Installation view of Lygia Clark exhibition

“Painting as an Experimental Field, 1948–1958.” Exhibition views at Guggenheim Museum, Bilbao, 2020. Photography by Erika Ede. Courtesy of “The World of Lygia Clark” Cultural Association. © FMGB, Guggenheim Museum Bilbao, 2020.

Anyone who spends time with young artists is familiar with the changes they experience during their first years working. This phase of experimentation, investigation, and testing — upon which all their further artistic production will be based — responds to what, in literature, is called “the search for the voice”: a process that lies in-between introspection and the construction of an identity.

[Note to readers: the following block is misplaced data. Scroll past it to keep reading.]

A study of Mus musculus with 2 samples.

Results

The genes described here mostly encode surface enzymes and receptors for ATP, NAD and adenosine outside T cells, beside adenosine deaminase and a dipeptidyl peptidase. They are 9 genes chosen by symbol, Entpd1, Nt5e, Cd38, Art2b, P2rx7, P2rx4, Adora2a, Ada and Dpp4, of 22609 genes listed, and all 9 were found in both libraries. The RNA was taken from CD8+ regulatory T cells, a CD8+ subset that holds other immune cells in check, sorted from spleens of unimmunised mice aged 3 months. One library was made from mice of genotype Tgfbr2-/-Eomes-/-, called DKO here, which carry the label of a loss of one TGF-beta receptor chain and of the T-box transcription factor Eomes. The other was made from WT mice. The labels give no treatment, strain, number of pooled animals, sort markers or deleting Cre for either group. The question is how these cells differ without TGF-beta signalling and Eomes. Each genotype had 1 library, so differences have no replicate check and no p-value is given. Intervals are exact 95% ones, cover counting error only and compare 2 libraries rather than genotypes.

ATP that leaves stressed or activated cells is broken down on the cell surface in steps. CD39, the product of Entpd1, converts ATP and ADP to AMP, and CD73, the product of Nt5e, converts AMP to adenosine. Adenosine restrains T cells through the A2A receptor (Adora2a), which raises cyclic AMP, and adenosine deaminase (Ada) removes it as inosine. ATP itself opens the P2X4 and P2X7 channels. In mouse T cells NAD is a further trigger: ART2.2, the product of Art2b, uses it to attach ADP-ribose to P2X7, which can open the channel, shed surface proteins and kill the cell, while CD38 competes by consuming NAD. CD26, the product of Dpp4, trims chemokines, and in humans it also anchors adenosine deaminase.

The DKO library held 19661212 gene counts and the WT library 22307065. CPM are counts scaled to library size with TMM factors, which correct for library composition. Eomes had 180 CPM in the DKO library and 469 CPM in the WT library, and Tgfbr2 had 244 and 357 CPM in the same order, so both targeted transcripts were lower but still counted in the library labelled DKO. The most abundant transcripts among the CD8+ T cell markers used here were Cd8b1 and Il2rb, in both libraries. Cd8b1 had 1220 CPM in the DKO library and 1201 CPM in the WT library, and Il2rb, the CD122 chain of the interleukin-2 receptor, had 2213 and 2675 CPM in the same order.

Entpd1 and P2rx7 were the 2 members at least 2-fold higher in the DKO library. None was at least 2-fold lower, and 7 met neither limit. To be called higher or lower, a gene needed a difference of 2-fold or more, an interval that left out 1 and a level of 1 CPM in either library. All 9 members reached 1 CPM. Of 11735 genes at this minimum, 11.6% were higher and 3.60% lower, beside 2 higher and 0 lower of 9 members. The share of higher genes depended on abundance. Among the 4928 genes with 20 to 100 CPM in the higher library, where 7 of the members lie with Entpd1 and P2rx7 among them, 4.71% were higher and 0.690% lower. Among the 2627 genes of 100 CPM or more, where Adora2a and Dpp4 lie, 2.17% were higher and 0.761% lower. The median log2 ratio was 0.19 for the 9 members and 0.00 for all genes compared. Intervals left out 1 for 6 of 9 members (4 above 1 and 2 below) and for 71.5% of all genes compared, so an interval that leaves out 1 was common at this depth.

Concurrent with the centenary of Lygia Clark’s birth (Belo Horizonte, 1920–Río de Janeiro, 1988), the Guggenheim Museum of Bilbao is exhibiting her work from her formative years: a period of ten years of intense and formal investigation, from her figurative works to her approach to abstraction. The exhibition is divided into three sections following chronological criteria. The first one shows purely figurative works — such as Retrato de la pianista Angélica de Rezende (late 1940s) or Patio de fábrica – paisaje industrial (1951) — a multitude of charcoal sketches in which a first investigation into the variations of form can be sensed; and her first abstract attempts, which channeled certain cubist aesthetics: El violonchelista (1951) or Composición (1951). These latter works, in which an intentional use of color can already be appreciated as she rejects purely naturalistic codes, lead to the second section, spanning from 1953 to 1965.